For Immediate Release
Dan Beeton, 202-239-1460
Humala's Win in Peru Consolidates Gains for Left, More Independent and Democratic South America, CEPR Co-Director Says
WASHINGTON - Ollanta Humala's apparent presidential electoral victory in Peru represents a consolidation of the gains made by left-leaning leaders in South America over the past decade, Center for Economic and Policy Research Co-Director Mark Weisbrot said today.
"Democracy, national and regional independence, and economic and social progress have gone hand-in-hand with South America's leftward political shift over the past decade," said Weisbrot. "This election continues these trends, for sure."
As of late Sunday night, quick counts from two firms, Ipsos-Apoyo and Datum Internacional, had Humala ahead with over 51 percent of the vote, compared to less than 49 percent for his opponent, Keiko Fujimori, the daughter of Peru's former authoritarian president Alberto Fujimori. Exit polls showed Humala ahead by over five points.
News of Humala's victory was welcomed by well-known politicians from across the political spectrum. Author and politician Mario Vargas Llosa, a well-known conservative, said that Humala's win "saved democracy," while former president Alejandro Toledo said, "It's the hour of reconciliation. The people have won, democracy has won, the memory of the people won. The people have opted for economic growth with social inclusion."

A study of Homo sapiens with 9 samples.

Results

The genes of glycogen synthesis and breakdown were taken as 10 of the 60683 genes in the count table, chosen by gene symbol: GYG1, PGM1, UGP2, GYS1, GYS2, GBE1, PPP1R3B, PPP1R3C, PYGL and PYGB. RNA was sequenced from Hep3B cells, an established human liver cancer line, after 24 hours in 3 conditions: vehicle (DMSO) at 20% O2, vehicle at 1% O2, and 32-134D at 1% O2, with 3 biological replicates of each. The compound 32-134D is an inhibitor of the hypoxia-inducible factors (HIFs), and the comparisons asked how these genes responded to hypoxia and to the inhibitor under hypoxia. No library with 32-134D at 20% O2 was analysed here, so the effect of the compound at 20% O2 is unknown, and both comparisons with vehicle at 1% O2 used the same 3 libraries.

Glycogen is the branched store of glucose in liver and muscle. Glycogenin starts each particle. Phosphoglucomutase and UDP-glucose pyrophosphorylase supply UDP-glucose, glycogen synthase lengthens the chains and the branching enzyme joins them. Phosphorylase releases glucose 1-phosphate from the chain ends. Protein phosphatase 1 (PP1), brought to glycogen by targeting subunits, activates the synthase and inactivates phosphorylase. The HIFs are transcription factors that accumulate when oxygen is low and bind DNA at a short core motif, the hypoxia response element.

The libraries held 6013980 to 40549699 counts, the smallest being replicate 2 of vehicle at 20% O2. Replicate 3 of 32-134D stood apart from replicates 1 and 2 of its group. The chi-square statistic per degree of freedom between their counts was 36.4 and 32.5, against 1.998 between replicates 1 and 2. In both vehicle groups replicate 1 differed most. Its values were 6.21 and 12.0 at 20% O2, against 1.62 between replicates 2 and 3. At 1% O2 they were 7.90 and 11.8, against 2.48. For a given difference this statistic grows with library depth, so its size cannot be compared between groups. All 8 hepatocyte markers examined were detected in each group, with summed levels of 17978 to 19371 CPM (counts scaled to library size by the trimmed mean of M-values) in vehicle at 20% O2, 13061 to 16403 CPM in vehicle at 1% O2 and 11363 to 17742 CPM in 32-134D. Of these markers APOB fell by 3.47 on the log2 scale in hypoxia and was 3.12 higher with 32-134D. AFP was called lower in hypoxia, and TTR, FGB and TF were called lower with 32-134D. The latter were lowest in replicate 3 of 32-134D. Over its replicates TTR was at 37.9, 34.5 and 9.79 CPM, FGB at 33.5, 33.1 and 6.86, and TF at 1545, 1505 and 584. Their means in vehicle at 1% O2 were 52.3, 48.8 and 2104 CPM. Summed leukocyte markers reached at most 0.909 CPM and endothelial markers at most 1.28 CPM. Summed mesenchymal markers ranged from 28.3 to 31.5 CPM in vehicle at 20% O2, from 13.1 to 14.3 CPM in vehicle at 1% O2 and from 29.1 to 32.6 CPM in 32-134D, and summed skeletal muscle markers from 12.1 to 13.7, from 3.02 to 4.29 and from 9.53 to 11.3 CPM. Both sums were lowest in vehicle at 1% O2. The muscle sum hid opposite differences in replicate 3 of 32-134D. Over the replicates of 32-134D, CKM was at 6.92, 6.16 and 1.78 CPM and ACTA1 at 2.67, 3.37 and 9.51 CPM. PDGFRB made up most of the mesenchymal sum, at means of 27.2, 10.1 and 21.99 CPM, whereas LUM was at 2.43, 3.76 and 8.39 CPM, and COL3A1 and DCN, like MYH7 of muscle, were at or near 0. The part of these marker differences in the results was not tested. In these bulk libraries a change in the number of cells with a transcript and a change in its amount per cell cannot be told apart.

Although official Washington – outside of spokespersons for the far right – did not express a preference, it appears that the Obama Administration favored Fujimori.
"This election result also represents another setback for the U.S. government's strategy of 'containment and roll-back' in the region," said Weisbrot.
Weisbrot also noted that Peru's traditional elite lost this election because the previous two governments had failed to take the kinds of initiatives that other left governments in the region had done, despite record economic growth.
"Peru's growth did reduce poverty significantly," said Weisbrot. "But the government didn't deliver the kinds of gains that were seen in other countries in health care, education, minimum wages, public pensions, or social spending, as happened in Ecuador, Bolivia, Brazil, and Venezuela."